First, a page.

In what will almost certainly be a very big case, the Supreme Court has announced that it will hear the case of a Christian baker in Colorado who refused to bake a wedding cake for a same-sex couple. Masterpiece Cakeshop v. Colorado Civil Rights Commission will be the biggest legal showdown yet in one of the country’s thorniest issues: How does the law operate when the freedom of religion butts up against discrimination laws?
Back in 2012, Charlie Craig and David Mullins, a same-sex couple, went to Masterpiece Cakeshop in Colorado to order a wedding cake. The shop’s owner, Jack Phillips, refused. According to court documents, he told the couple “I’ll make you birthday cakes, shower cakes, sell you cookies and brownies, I just don’t make cakes for same-sex weddings.”
The couple took their case to the Colorado Civil Rights Commission, which said that Phillips had broken a state law banning discrimination on the basis of sexual orientation. An appeals court agreed with them, saying that if Phillips “wishes to operate as a public accommodation and conduct business within the State of Colorado, [the Colorado Anti-Discrimination Act] prohibits it from picking and choosing customers based on their sexual orientation.”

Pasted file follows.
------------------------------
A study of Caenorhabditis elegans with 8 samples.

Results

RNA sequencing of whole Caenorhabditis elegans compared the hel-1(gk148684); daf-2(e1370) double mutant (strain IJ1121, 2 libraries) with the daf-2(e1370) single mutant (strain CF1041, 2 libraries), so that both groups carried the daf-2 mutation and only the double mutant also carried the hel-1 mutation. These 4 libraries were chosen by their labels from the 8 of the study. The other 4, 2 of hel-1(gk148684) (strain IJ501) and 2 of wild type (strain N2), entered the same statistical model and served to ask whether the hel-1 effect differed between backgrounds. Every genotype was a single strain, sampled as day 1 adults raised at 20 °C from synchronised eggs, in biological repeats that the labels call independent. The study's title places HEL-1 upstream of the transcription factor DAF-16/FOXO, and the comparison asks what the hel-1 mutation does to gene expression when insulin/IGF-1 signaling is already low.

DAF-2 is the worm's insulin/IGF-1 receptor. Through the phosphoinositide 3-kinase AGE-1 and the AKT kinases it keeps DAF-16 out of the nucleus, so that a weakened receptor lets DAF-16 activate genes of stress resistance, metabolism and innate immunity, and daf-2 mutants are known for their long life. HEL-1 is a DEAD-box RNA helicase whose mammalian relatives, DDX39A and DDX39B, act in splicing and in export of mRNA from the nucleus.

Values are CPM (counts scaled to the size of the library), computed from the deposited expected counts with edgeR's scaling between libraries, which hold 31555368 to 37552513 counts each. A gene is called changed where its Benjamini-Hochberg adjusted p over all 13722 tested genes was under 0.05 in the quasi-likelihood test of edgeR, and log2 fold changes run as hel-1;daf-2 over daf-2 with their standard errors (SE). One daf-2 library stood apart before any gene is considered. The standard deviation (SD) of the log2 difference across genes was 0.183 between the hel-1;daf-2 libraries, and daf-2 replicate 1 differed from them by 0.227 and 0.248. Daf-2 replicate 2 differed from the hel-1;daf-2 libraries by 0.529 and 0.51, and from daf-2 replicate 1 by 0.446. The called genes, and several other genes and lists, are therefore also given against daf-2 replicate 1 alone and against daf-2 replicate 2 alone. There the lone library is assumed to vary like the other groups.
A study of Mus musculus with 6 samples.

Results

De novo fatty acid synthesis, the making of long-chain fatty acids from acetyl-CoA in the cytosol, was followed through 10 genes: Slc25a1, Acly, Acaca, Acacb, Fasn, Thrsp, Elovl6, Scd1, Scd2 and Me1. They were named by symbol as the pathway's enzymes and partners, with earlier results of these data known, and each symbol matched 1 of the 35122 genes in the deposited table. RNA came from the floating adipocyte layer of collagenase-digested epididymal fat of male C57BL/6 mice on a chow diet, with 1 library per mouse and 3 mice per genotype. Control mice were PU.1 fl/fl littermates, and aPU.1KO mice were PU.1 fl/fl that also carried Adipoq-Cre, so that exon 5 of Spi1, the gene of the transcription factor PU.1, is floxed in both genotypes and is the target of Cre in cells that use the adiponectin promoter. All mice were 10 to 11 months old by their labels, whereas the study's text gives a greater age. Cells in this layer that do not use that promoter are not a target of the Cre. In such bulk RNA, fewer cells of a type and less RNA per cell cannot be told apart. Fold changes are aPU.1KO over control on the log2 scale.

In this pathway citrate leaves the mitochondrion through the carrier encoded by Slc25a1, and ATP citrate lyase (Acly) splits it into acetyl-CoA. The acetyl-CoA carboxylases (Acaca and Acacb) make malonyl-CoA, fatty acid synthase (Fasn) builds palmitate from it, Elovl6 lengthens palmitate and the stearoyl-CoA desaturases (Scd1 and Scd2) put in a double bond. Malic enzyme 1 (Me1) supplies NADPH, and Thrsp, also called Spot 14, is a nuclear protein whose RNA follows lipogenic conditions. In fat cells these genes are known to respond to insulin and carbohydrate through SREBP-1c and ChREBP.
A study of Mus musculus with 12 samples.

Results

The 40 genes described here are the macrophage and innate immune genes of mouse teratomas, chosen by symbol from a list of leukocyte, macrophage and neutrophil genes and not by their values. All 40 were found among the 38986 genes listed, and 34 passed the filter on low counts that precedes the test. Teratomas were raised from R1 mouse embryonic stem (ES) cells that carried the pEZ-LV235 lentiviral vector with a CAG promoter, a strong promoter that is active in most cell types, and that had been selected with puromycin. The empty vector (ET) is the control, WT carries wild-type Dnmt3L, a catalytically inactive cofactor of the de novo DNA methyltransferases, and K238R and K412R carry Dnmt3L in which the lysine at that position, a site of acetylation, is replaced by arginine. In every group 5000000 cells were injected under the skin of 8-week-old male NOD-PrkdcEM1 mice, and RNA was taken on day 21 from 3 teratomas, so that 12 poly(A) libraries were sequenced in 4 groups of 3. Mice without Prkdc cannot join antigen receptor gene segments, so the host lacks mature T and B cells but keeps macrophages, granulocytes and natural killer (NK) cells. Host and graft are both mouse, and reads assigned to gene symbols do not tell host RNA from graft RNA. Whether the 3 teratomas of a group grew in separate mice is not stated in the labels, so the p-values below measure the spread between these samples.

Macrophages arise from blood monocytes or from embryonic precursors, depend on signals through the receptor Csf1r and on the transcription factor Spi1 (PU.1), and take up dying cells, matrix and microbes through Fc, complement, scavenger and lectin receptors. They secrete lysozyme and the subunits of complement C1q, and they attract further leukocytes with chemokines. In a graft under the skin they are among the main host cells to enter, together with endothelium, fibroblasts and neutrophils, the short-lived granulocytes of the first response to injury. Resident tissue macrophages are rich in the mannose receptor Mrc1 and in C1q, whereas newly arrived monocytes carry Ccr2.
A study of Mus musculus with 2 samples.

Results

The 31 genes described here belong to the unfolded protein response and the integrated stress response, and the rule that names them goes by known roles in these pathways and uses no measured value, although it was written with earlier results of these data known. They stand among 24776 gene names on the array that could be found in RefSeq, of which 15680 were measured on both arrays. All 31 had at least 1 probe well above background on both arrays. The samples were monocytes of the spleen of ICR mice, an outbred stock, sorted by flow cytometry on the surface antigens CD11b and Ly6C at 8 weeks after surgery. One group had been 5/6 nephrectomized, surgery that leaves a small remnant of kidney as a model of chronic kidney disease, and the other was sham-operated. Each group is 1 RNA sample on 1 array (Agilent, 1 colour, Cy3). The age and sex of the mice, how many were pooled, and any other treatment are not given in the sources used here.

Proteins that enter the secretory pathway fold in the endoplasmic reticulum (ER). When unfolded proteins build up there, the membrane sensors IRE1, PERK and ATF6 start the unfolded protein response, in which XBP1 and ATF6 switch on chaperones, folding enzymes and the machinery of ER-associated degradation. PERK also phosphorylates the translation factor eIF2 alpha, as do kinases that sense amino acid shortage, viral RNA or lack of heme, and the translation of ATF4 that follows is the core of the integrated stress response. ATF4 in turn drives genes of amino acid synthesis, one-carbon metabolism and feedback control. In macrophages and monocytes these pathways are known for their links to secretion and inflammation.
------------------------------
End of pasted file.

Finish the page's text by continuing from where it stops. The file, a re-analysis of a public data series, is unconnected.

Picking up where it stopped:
Phillips is represented by a Christian legal group called the Alliance Defending Freedom, which asked the U.S. Supreme Court to take the case after the state supreme court declined. The Supreme Court agreed, and here we are. The Supreme Court will ask “whether applying Colorado’s public accommodations law to compel Phillips to create expression that violates his sincerely held religious beliefs about marriage violates the Free Speech or Free Exercise Clauses of the First Amendment.”